Amnesty Program Leads to Online Sales Tax Collection
Pressure by cash strapped states with increased state tax collecting authority has resulted in an amnesty program for some major retailers turning a new chapter in the development of the Internet. On February 3, 2003, some online retailers began voluntarily charging sales tax for online purchases, regardless of the state of residence of the customer. Retailers that are part of the new plan are apparently being given an amnesty of sorts from previous taxes that might have been levied on past sales.
Thirty-eight states have entered into an agreement to offer an amnesty to online retailers who have not collected sales tax to date. Arizona, California and South Carolina are not parties to the deal, and four other states have not yet signed on.
The identity of all of the retailers that are part of the program has been kept secret, primarily to avoid targeting those retailers to cough up their online sales taxes in states that have not signed on to the Internet tax agreement. However, the online divisions of national retailers including Wal-Mart Stores Inc., Target Corp. and Toys R Us Inc., Marshall Fields and Mervyn’s have posted new information on their Web sites regarding collection of sales tax for buyers living in areas where sales taxes are levied. Tax rates will vary depending on the jurisdiction the customer lives in.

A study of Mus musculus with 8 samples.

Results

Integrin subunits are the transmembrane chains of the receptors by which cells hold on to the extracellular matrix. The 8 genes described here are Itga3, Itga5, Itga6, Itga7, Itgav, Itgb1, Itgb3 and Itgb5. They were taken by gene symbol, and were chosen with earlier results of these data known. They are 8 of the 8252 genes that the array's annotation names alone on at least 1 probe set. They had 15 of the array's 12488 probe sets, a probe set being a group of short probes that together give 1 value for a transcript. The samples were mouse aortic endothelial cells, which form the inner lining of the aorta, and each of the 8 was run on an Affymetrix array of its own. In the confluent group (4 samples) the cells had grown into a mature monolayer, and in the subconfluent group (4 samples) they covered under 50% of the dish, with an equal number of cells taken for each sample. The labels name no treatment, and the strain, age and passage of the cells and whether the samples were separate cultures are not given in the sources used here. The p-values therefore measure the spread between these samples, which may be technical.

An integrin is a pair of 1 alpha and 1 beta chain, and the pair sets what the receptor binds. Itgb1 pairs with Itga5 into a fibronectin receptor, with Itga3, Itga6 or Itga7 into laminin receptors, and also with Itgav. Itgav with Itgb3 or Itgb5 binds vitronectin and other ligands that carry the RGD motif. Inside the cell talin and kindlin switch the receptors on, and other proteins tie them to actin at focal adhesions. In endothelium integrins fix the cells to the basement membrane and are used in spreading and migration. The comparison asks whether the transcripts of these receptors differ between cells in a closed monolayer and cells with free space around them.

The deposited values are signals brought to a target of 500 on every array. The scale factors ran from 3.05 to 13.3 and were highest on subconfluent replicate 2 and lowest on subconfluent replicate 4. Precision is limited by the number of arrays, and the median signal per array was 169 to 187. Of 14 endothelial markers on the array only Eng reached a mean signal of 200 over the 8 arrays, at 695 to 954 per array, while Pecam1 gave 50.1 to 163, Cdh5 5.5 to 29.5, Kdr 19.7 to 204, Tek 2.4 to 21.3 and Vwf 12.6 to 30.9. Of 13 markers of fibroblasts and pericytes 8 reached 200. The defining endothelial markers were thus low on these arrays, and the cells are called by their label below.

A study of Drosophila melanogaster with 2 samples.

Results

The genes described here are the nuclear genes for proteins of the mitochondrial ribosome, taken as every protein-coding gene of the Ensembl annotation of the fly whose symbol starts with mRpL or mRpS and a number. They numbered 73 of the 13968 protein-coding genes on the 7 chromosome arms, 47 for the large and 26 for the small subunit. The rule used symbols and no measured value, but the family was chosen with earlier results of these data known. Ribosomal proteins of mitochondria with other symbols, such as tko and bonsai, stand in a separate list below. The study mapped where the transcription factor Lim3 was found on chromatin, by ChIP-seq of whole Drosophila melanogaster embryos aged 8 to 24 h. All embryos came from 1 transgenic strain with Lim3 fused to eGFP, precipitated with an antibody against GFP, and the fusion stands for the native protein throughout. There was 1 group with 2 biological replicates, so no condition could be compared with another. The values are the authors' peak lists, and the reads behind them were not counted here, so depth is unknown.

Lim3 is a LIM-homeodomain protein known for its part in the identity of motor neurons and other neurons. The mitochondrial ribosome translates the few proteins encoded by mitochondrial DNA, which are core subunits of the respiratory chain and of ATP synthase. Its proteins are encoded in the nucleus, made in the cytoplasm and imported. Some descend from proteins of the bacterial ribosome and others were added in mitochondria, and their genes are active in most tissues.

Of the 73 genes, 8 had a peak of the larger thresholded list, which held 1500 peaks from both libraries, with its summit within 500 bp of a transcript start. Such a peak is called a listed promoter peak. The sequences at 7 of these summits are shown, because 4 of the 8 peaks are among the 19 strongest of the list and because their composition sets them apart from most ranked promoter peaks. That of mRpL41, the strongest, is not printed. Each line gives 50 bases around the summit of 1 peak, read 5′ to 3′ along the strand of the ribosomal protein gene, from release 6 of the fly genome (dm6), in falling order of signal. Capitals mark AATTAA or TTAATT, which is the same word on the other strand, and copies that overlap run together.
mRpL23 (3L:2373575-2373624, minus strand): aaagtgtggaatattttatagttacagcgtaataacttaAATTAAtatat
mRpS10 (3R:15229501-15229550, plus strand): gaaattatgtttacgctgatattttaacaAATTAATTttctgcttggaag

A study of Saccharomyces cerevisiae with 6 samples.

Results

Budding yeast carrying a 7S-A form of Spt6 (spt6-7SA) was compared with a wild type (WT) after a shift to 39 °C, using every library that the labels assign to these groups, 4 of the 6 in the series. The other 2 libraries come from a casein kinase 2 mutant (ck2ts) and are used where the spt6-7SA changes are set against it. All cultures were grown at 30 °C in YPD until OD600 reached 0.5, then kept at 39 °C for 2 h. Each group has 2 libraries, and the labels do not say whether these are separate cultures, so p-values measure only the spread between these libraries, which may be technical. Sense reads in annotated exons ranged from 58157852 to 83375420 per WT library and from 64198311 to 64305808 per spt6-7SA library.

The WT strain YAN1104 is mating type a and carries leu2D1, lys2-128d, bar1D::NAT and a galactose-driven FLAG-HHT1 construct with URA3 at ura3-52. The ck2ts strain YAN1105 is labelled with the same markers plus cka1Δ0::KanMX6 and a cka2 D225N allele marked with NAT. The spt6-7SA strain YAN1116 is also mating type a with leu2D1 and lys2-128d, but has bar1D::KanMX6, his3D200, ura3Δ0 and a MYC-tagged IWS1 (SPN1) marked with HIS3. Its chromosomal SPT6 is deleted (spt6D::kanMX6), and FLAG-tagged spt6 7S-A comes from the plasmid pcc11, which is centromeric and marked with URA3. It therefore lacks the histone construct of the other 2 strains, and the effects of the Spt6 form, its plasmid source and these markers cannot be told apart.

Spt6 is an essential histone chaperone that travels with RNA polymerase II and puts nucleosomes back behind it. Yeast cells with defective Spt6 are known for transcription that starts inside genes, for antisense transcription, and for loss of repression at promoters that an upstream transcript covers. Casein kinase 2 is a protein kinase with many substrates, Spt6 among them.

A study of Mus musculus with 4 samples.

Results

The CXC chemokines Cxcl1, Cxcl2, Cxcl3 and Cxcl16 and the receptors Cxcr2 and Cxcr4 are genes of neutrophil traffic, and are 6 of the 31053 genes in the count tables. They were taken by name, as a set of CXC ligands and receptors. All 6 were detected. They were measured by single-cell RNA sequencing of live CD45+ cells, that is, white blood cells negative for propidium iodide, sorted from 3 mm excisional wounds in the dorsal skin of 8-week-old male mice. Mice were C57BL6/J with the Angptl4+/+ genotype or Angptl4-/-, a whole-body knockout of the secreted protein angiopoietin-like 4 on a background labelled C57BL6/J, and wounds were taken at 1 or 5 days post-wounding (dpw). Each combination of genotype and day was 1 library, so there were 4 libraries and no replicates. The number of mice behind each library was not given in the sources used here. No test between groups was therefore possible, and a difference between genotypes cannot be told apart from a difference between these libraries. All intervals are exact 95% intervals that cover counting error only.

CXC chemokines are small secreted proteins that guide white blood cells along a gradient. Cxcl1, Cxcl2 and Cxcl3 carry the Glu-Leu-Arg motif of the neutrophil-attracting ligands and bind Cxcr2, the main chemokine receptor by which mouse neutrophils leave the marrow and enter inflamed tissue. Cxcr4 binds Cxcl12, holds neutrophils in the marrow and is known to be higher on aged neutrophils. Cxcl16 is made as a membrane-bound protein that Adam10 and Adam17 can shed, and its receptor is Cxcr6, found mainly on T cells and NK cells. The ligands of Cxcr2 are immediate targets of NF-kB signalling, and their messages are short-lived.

Some stores are proceeding with this new policy in order to more aggressively align the policies of online store with the physical store –in promotions, advertising, and merchandise returns.
Previously, online sites collected sales tax only from customers who resided in locations where the online company held a physical presence. Many national retailers incorporated their online stores separately in part so they could avoid the need to collect sales taxes.
Smaller retailers complain that the tax burden to report and collect taxes from the many jurisdictions around the country is only possible with sophisticated information technology departments that organizations like Wal-Mart would have available to it. "Somebody who's running an Internet retail operation out of a server in their basement isn't going to be able to handle" accounting for numerous sales tax rates, said Mark Nebergall, president of the Software Finance and Tax Executives Council. "The beauty of the Web is it gives small retailers access to global and national markets. Loading them up with tax administrative burdens like this would crush them."
The amnesty project is a victory for the Streamlines Sales Tax Project. In November, 2002, over 30 financially strapped states and the District of Columbia entered into an agreement to simplify their tax laws to allow for the ability to collect sales tax on online purchases.